Irish comedian sums up Northern Ireland's Brexit problems with 'houseshare' allegory in hilarious viral sketch
Entertainment

Irish comedian sums up Northern Ireland's Brexit problems with 'houseshare' allegory in hilarious viral sketch

AN IRISH comedian has gone viral with a hilarious sketch summing up the issues with Northern Ireland, Brexit and a potential United Ireland.

A new sketch from Cork comedian Tadhg Hickey has reached over one million views in less than 24 hours.

The video sees Tadhg explain the problems facing the United Kingdom since Brexit, and the potential break-up of the union-- using a Cork house share as an allegory.

He takes on the roles of Northern Ireland loyalists, England, the Republic of Ireland, Scotland and Wales-- all with Cork accents.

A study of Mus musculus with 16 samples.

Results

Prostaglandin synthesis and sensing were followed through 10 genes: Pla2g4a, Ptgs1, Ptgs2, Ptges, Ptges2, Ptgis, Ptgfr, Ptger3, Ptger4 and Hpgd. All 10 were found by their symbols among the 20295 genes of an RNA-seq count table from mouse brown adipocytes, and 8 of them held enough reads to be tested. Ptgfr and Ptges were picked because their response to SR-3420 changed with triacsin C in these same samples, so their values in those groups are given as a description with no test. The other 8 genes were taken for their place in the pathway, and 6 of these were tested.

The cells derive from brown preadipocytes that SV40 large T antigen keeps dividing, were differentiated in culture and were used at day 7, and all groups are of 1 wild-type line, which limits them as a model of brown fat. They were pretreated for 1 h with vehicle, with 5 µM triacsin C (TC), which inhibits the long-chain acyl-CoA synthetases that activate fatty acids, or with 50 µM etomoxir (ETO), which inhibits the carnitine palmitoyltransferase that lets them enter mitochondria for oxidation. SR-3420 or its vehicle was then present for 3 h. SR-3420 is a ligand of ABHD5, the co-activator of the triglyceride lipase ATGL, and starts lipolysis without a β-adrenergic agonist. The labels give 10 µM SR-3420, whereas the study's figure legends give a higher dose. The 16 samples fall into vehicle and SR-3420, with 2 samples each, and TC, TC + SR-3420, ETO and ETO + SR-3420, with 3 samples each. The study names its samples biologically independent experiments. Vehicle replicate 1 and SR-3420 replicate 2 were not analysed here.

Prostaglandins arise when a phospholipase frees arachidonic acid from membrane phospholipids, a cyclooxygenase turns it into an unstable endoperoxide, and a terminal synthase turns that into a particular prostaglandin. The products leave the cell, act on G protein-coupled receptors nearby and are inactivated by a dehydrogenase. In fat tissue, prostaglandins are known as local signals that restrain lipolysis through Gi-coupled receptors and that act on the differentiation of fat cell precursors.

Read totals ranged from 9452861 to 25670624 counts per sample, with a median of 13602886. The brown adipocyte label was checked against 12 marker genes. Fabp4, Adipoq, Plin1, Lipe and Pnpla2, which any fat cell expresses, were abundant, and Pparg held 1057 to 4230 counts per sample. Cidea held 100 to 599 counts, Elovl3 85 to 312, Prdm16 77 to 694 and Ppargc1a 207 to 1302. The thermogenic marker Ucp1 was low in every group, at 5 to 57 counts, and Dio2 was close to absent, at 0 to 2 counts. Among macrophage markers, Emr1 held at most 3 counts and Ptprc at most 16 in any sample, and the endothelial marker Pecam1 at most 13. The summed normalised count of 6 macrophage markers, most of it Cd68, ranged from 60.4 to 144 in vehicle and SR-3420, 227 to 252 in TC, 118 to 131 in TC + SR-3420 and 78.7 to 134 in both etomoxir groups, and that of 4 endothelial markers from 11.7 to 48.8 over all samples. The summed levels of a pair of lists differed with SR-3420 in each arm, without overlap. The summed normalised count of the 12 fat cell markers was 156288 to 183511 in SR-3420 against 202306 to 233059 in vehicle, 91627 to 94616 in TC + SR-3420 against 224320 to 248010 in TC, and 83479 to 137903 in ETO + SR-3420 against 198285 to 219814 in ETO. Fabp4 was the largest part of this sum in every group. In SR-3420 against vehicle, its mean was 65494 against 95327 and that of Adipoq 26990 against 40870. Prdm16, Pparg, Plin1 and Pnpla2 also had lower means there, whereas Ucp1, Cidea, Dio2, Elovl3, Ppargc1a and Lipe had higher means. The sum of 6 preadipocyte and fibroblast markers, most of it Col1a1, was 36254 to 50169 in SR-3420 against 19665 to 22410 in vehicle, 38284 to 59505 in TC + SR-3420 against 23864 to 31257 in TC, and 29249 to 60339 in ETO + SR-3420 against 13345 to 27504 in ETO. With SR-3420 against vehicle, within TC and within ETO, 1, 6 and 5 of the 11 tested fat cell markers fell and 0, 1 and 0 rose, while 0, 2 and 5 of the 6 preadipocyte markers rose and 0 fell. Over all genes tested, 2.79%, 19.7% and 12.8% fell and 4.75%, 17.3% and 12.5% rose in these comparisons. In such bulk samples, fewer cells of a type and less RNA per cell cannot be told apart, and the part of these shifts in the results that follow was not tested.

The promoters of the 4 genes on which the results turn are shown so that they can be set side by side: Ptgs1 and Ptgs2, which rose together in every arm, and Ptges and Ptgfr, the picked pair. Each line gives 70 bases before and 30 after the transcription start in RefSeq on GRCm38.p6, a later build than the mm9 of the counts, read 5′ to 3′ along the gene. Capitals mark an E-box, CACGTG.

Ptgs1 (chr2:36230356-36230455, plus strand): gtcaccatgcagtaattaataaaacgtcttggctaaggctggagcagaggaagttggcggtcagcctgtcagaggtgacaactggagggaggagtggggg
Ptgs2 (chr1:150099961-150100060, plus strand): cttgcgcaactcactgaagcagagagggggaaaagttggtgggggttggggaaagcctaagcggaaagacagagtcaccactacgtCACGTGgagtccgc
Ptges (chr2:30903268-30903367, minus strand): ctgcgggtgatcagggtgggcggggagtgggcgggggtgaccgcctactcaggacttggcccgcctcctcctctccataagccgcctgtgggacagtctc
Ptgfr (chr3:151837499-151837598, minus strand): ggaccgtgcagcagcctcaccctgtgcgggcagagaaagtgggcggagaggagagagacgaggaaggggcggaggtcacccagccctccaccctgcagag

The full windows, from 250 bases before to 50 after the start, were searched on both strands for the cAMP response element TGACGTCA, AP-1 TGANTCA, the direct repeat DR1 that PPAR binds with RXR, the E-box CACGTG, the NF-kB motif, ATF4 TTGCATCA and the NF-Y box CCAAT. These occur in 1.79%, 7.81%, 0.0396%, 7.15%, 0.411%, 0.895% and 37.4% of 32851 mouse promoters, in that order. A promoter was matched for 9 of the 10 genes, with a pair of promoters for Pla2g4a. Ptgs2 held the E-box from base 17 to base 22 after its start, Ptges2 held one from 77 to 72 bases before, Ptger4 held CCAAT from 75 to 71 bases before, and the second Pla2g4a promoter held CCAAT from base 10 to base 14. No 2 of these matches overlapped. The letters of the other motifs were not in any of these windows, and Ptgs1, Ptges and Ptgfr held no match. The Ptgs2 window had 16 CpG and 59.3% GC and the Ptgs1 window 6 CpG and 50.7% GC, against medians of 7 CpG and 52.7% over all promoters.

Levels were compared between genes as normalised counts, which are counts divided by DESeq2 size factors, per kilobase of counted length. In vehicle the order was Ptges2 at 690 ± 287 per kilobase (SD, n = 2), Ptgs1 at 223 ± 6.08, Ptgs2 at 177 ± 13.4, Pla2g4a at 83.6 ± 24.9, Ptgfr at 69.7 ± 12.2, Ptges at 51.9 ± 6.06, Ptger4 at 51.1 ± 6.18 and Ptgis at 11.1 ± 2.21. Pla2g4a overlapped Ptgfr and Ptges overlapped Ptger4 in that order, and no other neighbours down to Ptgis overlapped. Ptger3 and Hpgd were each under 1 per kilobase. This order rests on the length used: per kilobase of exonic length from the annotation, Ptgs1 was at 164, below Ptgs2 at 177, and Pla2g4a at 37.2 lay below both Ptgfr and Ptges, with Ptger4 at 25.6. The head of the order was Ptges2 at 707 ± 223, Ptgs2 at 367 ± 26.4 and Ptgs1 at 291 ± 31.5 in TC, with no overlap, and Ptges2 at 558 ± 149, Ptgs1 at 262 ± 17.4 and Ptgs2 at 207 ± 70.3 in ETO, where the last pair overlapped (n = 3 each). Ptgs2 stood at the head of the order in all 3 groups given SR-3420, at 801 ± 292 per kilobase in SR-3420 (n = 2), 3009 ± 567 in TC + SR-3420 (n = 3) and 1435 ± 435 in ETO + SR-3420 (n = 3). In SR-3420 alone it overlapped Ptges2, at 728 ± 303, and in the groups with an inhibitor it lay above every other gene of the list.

With England wanting to be more independent, and Scotland "probably moving out soon anyway", England suggests that Northern Ireland may want to move in with their neighbours, the Republic.


 

'Europe' also makes an appearance to try and convince loyalists to join the Republic, saying "if you do move in with him, you'd be more than welcome to hang out at my place too."

Tadhg's video has been viewed over a million times and garnered almost 30,000 likes on Twitter, and has even been picked up by the BBC, having been aired at the end of a BBC NI show last night-- on the same day a committee was launched in Downing Street to oversee relationships between the countries making up the UK.


However he has upset some "more militant Loyalists", particularly after the clip was shown on the BBC.

"I actually thought I played the Loyalist character most sensitively but that is the group that I am getting the most hate from this morning," he said.

"There was no offence intended in it at all, for me it is a sketch about the bizarre position that Loyalism finds itself in as opposed to saying that they are crazy."